I recently visited New York City for a book conference. As fate would have it, it was the same day President Obama was in the city to open the new 9/11 Memorial Museum. What an impressive facility for the world to see! It won’t be too long until the entire area will be complete - the beautiful landscaped accents with impressive new architectural lines and shapes. But with every change of this nature there is bound to be some controversy.
The day I was there the media emphasized the protestors who lined the promenade stretching for blocks. They were objecting to the fact that over 8,000 unidentified body parts were being transferred from the morgue at 30th & 3rd to the newly constructed area previously occupied by the World Trade Center. The commission had decided to store these remains in a specially-built repository in the basement of the newly constructed museum. While the museum is open to the general public, the New York Times states:
"Museum and city officials say that the repository is under the jurisdiction of the New York City medical examiner’s office, and is separated from the museum by a wall. It will not be open to the general public, but only to victims’ relatives, who will be able to visit a “reflection room” there."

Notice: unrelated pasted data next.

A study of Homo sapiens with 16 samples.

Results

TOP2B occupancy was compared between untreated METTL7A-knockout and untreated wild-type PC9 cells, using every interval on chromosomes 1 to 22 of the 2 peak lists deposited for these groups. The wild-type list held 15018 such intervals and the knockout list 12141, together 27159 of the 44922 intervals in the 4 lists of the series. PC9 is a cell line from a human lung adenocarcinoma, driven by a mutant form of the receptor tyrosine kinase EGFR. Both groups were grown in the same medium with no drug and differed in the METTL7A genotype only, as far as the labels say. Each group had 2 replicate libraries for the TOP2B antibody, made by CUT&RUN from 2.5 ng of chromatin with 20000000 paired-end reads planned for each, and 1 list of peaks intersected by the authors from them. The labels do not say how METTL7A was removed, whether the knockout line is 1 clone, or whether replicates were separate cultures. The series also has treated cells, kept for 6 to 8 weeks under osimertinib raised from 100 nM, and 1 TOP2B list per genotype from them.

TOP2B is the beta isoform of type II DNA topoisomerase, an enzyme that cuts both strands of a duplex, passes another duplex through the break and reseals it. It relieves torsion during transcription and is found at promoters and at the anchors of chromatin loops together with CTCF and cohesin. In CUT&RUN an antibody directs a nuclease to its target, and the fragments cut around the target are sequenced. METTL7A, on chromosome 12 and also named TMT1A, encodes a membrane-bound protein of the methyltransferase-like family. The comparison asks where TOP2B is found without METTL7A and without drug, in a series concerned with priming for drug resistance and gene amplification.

Many of those protestors held up signs saying, “Now the government wants to dictate burial policies,” and other messages of disapproval. There were no sign supporting the decision.
The newly constructed area, complete with the museum, is impressive to say the least. But the families of those victims yet to be identified were not consulted in determining where the ‘final’ resting place would be for those body parts. No discussion was presented over whether or not this area would be refrigerated, frozen, etc. Certainly if these body parts contained any residual soft tissue, refrigeration would be imperative to avoid any malodors that would be certain to permeate the walls of the beautiful museum.
So this controversy is filled with various opinions. Many have suggested that the 1,000 out of 3,000 should have just been buried in one massive grave with a suitable marker memorializing the event. But not America. We were determined to use every last effort of 21st century forensic science to positively identify as many souls as was humanly possible. The remnants of those unidentified would remain together, until newer technology across the horizon might yield further answers to the mysteries that, up to this point, remain sinisterly untold.
So, what should the commission have decided? Without question, there will always be naysayers who would raise doubt or question any decision, no matter how thoroughly thought out or discussed. Some of the families of the unidentified victims felt like these pieces were being treated like biohazardous waste to be locked away in some type of hermetically sealed vault until another day.
What do you think? What vote would you have decided if you had been serving on that commission? Let’s see what some of the rest of you have to say about this ever so sensitive subject. Leave your comments and thoughts below!